Princeton’s Program of Animal Care receives recommendation for continued full accreditation by AAALACi
Three representatives from the Association for the Assessment and Accreditation of Laboratory Animal Care, International (AAALACi) performed a site visit to review Princeton’s Program of Animal Care on February 26/27, 2018. AAALACi accreditation is important for Princeton because it represents a voluntary, third party process to demonstrate our ability to meet the minimum standards required by law, and also go the extra distance to achieve excellence in animal care and use. In order to receive funding for research using animals from the NIH and other agencies, institutions must demonstrate compliance with the Guide for the Care and Use of Laboratory Animals (NRC, 2011). AAALACi accreditation is the most common method to assure the NIH of this compliance. AAALACi accreditation also greatly facilitates collaborations and contractual arrangements with other institutions and vendors with whom animal work and intellectual property may be shared.
The AAALACi representatives reviewed a written description of our program, a document that was approximately 475 pages and included 23 appendices. They then went into every animal room, every lab, and procedure space where animals are used. The AAALACi representatives spoke with animal care staff, LAR staff, RIA staff, research associates, members from the faculty, and the Institutional Animal Care and Use Committee (IACUC). Following this they reviewed an extensive array of documents including animal use protocols, standard operating procedures and policies from LAR, RIA, EHS, individual animal records, veterinary records, training records, surgery records, post-operative care records, etc.
During the exit debriefing, the AAALACi representatives commented on the strong program that Princeton had developed over the years. Special commendations were noted for the synergy that exists between all the different components that make up our program, exceptionally clean and well maintained facilities, a highly engaged veterinary staff, experienced and senior animal husbandry staff with high degrees of certification, a highly engaged and functioning IACUC, and an excellent program of enrichment, especially for our nonhuman primates.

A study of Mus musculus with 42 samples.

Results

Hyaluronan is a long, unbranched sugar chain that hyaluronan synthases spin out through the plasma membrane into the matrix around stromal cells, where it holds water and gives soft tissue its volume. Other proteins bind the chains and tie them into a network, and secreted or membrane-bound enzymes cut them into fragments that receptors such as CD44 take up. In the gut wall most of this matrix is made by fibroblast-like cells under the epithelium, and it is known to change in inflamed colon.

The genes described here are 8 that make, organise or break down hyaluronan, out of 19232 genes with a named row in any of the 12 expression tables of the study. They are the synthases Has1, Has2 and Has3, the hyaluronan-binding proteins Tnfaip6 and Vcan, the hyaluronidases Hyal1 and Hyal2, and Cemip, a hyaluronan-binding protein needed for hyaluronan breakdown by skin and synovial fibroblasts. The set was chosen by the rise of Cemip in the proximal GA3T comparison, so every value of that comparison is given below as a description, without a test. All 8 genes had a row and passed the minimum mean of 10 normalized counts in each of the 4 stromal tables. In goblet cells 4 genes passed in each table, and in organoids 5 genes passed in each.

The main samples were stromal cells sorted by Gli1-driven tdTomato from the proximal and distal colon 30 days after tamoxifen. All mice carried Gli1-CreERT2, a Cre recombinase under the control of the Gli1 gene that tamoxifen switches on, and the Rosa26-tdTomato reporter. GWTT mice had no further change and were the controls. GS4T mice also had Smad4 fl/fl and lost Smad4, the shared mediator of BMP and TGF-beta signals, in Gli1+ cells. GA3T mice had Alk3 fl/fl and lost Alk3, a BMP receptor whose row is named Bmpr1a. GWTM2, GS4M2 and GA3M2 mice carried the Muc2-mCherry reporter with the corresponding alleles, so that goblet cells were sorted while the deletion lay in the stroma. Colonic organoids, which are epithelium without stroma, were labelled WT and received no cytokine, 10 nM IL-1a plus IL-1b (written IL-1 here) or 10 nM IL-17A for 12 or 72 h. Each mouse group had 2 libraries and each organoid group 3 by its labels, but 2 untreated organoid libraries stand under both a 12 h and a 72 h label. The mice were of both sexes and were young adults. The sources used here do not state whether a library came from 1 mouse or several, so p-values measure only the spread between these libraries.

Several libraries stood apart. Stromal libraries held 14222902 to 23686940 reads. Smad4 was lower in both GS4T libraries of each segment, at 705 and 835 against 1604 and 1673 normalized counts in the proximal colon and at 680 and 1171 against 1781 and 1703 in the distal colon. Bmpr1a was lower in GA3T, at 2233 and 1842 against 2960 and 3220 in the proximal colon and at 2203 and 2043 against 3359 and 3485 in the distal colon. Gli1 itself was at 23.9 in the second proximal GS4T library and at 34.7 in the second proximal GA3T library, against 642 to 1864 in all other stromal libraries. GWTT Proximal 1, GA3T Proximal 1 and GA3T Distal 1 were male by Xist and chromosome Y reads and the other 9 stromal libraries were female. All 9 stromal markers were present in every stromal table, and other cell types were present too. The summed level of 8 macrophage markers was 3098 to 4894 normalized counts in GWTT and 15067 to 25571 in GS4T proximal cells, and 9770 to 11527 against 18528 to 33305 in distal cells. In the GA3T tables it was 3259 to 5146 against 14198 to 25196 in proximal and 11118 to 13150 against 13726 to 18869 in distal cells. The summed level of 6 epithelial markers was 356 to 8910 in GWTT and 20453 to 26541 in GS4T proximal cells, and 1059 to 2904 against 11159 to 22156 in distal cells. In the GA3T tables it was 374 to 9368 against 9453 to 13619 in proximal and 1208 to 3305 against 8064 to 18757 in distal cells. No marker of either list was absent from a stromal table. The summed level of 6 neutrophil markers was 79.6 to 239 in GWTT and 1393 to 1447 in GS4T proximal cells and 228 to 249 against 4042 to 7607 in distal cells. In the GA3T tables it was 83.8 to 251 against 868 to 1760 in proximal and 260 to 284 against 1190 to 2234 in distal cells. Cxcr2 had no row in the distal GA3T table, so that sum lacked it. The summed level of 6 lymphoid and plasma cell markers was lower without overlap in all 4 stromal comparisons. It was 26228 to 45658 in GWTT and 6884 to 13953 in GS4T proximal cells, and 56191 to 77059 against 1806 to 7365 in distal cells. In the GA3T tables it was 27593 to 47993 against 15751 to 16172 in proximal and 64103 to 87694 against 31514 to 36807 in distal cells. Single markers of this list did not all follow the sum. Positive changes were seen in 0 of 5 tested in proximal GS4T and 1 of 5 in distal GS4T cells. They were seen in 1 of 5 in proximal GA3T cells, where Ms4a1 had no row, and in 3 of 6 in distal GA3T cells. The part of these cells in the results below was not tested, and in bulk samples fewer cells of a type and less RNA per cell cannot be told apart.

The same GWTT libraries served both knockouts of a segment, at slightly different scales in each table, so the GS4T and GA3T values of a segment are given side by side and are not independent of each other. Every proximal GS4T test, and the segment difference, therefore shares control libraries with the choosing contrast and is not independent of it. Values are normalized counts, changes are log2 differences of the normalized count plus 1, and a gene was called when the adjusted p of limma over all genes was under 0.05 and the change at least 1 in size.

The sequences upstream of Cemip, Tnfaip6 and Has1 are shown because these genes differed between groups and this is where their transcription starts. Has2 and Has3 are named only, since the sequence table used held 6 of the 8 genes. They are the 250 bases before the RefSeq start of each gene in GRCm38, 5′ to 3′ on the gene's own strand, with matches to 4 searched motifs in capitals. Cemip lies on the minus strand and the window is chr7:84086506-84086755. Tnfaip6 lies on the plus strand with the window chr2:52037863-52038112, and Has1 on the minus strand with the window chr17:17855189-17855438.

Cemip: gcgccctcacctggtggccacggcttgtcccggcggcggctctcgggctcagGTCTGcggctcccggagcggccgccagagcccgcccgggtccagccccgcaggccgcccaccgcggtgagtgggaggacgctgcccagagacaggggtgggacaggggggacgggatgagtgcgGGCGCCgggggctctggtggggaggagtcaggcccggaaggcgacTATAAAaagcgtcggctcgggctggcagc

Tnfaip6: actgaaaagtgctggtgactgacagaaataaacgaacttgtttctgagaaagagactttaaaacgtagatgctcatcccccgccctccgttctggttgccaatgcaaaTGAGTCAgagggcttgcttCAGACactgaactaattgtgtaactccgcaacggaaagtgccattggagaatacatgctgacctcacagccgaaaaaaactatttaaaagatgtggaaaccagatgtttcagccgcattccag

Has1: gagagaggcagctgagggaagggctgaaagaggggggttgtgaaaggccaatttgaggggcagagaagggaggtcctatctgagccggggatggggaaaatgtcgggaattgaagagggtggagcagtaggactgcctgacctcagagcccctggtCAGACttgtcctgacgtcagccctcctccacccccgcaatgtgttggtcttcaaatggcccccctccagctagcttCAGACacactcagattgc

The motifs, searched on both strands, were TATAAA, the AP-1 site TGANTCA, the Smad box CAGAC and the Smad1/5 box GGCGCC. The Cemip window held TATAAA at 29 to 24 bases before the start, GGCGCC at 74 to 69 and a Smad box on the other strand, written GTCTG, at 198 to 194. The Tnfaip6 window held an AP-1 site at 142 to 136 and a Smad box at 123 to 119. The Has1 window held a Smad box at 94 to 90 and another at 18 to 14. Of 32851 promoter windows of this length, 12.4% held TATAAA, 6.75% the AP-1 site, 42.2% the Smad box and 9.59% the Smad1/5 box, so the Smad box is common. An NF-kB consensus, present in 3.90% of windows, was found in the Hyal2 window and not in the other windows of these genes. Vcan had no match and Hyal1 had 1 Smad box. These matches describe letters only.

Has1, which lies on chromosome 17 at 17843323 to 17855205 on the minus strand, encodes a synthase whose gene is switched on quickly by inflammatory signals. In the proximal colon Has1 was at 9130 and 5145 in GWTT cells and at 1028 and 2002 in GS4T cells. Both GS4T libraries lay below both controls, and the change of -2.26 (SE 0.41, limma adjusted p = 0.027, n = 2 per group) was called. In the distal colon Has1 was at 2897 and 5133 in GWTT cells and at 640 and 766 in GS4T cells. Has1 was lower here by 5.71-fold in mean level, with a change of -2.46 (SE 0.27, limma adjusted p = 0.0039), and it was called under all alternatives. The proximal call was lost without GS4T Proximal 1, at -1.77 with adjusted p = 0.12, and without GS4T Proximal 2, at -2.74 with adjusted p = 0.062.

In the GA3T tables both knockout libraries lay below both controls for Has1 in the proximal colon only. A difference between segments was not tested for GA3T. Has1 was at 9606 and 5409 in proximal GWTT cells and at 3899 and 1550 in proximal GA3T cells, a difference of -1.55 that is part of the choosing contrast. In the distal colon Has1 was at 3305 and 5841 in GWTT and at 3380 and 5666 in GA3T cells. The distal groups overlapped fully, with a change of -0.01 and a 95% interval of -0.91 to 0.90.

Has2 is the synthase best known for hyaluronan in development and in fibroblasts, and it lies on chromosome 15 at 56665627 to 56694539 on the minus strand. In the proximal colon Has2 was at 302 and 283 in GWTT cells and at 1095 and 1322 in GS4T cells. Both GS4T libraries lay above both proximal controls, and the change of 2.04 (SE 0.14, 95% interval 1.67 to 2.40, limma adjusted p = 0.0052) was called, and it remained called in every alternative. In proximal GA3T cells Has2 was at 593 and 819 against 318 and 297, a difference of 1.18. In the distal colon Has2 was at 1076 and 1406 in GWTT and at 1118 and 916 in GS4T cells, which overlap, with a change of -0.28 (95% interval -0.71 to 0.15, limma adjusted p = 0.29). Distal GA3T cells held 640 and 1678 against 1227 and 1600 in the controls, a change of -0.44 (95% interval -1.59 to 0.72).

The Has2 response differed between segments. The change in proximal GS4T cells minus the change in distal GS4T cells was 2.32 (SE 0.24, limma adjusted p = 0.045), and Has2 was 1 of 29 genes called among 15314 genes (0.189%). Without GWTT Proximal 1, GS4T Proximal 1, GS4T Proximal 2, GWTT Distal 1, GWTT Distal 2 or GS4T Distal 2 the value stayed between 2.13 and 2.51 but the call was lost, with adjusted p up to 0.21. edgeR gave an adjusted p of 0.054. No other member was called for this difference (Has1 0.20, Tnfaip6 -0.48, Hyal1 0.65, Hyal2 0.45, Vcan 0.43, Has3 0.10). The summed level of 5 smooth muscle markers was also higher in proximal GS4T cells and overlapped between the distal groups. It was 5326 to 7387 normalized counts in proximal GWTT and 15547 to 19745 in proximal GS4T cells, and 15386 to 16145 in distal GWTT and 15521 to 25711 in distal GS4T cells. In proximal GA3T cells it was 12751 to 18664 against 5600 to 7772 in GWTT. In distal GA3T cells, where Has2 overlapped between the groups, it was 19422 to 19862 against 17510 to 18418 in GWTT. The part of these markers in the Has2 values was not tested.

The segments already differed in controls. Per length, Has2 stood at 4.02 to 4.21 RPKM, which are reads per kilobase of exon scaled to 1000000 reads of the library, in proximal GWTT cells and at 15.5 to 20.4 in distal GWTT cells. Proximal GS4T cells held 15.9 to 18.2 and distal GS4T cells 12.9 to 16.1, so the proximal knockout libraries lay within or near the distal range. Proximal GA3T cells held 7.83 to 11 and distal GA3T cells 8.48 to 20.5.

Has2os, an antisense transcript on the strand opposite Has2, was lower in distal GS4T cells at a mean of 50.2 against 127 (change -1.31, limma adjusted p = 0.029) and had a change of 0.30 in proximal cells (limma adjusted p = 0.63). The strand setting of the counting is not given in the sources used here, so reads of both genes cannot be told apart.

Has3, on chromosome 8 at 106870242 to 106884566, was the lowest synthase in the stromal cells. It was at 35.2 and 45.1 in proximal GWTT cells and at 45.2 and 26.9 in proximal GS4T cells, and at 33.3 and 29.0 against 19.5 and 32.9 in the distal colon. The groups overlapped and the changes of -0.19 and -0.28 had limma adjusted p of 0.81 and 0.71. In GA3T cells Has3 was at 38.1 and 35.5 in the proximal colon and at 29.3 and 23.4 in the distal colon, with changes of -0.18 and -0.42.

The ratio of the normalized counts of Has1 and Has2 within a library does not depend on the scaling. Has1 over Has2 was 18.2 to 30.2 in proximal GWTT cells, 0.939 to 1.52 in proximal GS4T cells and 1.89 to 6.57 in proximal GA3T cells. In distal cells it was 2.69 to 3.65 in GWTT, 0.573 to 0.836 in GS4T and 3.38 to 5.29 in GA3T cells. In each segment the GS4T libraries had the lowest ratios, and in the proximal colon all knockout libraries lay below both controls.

The AAALACi representatives had only one suggestion for improvement that involved our occupational health and safety program and the requirement in the Guide for the Care and Use of Laboratory Animals that risks be proactively identified and assessments made to reduce or mitigate potential safety concerns. Safety concerns were identified that involved laser signage and training, the mixing of irritant chemicals and noise reduction involving a recirculating water pump in an aquatics facility.
Although the final determination will not be announced until July 2018, the AAALACi representatives are going to recommend continued full accreditation. This was the best possible outcome.
RIA would like to acknowledge the collaborative effort necessary to achieve such an accomplishment and wishes to thank our colleagues in Laboratory Animal Resources, Occupational Health, Environmental Health and Safety, Facilities, and Security for their dogged and unswerving efforts in achieving this common goal. We also want to give special thanks to the faculty, research, and lab members who worked alongside us during the preparation. The AAALACi site visitors made a special note of the strong partnership between the research community and those groups that work behind the scenes to support the research and education mission of the University and we are especially proud of this collaborative culture.